By Timothy Hyland
It is one of those rare dental stories that make national – indeed, global – headlines.
For all his young life, Mason Motz, a 6-year-old living in Katy, Texas, struggled with speech, so much so that his parents came to believe his difficulties were unavoidable due to Sotos syndrome, a childhood developmental disorder that afflicts Mason. Visits to countless specialists seemed to confirm their prognosis.
But then the Motz family visited Dr. Amy Luedemann-Lazar, of Kidstown Dental, a Katy-based pediatric dentist.
Dr. Luedemann-Lazar spent months developing a relationship with Mason, and when she was finally able to conduct a full dental examination, she made a stunning diagnosis: Mason’s speech problems actually had nothing to do with Sotos.
Rather, the sweet little boy was simply “tongue-tied,” the colloquial name for an actual medical condition called ankyloglossia. In cases of ankyloglossia, strong tissues bind the tongue to the floor of the mouth – quite literally “tying” the tongue down – not only making it difficult for patients to talk but also breathe and sleep properly, much less live a normal, happy life.
A Night-and-Day Difference
In Mason’s case, Dr. Luedemann-Lazar’s discovery was literally life-changing. With just one simple surgery, his tongue was untethered, and though he still suffers from the broader developmental impacts of Sotos syndrome, his mother says in many ways Mason is now a different child.
“It’s like night and day,” Meredith Motz told the Daily Mail. “He doesn’t have choking episodes anymore; he’s eating different types of food. He’s behaving much better at school. His behavior was a problem, because he was getting poor quality of sleep at night, he was constantly tired and was not able to express himself. He doesn’t snore anymore. He doesn’t have sleep apnea anymore.”
Mason’s story made headlines around the world – in part because he had gone incorrectly diagnosed for so long. But as it turns out, the condition that afflicted him is hardly rare.
Numerous studies have been conducted on ankyloglossia, with incidence rates ranging anywhere from approximately four percent to ten percent of all newborns. The condition tends to be more common in boys than in girls, and there is some evidence that is hereditary.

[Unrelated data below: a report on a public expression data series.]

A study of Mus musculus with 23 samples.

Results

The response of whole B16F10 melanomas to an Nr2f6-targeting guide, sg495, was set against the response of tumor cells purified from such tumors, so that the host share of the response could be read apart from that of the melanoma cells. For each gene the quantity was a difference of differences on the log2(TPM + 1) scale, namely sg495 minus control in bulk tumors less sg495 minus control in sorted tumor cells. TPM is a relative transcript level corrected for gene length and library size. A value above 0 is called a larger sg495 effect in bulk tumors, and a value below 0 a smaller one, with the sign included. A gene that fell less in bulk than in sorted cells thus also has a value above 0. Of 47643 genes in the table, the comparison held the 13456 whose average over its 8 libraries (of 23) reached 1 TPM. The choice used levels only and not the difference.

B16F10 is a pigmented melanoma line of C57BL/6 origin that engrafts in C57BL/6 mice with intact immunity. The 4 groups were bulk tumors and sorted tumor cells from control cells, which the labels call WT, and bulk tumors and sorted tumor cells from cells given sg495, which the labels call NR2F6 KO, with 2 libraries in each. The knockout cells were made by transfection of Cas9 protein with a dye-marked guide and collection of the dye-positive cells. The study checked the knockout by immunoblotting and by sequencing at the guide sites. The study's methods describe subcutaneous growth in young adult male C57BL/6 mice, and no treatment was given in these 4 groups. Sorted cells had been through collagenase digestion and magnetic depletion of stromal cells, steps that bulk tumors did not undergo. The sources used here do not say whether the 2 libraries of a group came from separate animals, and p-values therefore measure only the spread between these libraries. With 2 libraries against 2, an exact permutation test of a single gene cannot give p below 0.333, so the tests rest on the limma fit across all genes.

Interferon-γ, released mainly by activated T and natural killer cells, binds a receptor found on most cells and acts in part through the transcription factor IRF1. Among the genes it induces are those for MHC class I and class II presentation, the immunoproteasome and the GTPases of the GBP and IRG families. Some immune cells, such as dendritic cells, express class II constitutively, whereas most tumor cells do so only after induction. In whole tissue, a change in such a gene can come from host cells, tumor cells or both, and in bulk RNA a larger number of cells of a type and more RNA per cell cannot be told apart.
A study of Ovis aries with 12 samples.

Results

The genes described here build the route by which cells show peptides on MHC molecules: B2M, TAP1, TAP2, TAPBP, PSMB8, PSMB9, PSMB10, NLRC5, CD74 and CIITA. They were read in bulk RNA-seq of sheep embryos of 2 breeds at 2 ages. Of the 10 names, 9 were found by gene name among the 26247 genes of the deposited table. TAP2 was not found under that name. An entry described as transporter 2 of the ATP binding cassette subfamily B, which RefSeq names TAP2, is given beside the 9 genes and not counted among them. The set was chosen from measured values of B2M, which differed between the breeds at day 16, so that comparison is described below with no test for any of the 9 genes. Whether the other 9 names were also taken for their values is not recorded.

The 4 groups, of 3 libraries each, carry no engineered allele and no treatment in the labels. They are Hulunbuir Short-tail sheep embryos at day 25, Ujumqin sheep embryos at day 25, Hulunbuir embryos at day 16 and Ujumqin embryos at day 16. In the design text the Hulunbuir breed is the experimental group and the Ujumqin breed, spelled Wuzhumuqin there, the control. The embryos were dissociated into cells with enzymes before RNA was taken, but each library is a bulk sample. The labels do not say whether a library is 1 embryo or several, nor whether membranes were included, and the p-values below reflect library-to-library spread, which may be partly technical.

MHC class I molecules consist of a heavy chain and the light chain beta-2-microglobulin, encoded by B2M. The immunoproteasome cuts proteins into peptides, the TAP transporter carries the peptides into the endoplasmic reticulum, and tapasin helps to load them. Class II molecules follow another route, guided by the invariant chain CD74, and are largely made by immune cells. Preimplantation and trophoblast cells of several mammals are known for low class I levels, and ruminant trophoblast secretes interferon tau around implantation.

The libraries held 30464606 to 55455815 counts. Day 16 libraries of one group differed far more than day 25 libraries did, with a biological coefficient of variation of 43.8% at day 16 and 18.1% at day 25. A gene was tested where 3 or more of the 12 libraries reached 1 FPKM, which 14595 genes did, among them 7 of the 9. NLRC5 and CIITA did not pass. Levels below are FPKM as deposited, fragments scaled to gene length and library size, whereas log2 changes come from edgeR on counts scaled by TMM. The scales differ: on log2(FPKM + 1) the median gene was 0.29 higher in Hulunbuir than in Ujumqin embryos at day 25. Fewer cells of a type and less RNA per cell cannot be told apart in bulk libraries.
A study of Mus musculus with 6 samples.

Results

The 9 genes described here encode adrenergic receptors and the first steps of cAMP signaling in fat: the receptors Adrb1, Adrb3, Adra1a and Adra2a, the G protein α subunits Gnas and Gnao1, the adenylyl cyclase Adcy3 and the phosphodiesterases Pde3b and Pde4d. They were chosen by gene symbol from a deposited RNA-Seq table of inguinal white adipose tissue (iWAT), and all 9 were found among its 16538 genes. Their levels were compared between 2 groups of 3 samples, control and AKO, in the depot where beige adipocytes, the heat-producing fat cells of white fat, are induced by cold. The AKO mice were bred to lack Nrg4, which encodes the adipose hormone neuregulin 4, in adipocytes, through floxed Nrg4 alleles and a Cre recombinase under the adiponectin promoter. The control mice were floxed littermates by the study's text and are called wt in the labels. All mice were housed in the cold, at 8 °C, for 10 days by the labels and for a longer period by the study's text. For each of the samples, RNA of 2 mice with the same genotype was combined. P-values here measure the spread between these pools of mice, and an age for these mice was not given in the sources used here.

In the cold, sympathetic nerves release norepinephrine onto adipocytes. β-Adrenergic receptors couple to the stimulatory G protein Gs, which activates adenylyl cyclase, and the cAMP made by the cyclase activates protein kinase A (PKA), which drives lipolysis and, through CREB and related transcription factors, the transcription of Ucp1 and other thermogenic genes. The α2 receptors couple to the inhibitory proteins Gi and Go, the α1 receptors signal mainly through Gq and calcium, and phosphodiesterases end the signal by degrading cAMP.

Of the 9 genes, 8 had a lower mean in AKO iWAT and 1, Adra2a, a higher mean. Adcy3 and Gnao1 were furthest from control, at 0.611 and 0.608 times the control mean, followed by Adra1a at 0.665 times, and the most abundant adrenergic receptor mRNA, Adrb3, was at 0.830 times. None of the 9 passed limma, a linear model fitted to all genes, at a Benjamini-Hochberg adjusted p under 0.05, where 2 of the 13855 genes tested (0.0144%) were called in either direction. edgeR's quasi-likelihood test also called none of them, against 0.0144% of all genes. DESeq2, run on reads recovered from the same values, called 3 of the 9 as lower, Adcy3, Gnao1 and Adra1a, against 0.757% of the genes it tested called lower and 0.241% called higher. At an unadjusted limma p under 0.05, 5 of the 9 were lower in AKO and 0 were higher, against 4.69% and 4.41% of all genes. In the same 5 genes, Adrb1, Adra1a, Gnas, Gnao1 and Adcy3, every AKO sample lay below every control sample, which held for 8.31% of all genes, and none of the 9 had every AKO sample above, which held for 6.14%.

Although there is debate about the direct link between ankyloglossia and any specific cause, there is common agreement that it can be problematic for individual patients in ways that are entirely unique to them.
As Ari Kupietzky, DMD, MSc, and Eyal Botzer, DMD noted in their comprehensive 2004 study of the condition, ankyloglossia often does pose challenges “beyond those of speech or feeding difficulties,” up to and including “social embarrassment.”
“Children may be teased by their peers for their anomaly,” the authors wrote in Pediatric Dentistry. “Social issues include the inability to lick ice cream, play a musical wind instrument, and even kiss.”
Incidence rates range anywhere from approximately four percent to ten percent of all newborns. The condition tends to be more common in boys than in girls.
Frenectomy or Frenuloplasty?
Diagnosis at an early age, then, is preferable.
The American Academy of Pediatric Dentistry recommends that infants see their dentist within their first year, and a well-trained and observant dentist should be able to diagnose ankyloglossia with a basic physical examination – though Drs. Kupietzky and Botzer do warn that even well-trained, experienced dentists may be less adept at identifying dental issues at the time of infancy. Diagnoses for older children may be spurred by complications including speech development issues, but again, can only be identified by examination.
A key factor in any diagnosis, however, is the overall extent of impairment. Experts note that no two cases of ankyloglossia are the same, so clinicians are encouraged to complete a comprehensive examination as well as conduct thorough interviews with parents or caregivers to get a full understanding of the tongue-tie. Minor cases need to be treated differently than more severe ones.
“Surgical repair should be delayed until obtaining the appropriate assessments and diagnosis,” Drs. Kupietzky and Botzer wrote.
Indeed, there is significant debate in the medical community about how, when, or even if ankyloglossia should be treated. Since the condition impacts patients in different ways, some doctors recommend a hands-off approach, allowing for the possibility that the impacts of the tongue-tie could lessen over time.
Others propose a more aggressive, surgical approach at the time of initial diagnosis – either the simple frenectomy, which can be completed without anesthesia, or the more comprehensive frenuloplasty, which may be necessary in cases where the frenulum is too thick for the basic frenectomy. The latter requires some degree of reconstruction.
Even taking into account the risks associated with any surgery – blood loss, infection, and excessive scarring, among others – Dr. Kupietzky and Botzer ultimately recommended the surgical approach.
The quick, relatively painless surgery comes with little risk, they wrote, and can “facilitate early treatment of [a] relatively common disturbance.”
For children like Mason Motz, the surgery is a godsend.
Author: Contributing writer Timothy Hyland has more than 20 years’ experience as a writer, reporter, and editor. His work has also appeared in Fast Company, Roll Call, Philadelphia Business Journal, and the Washington Times.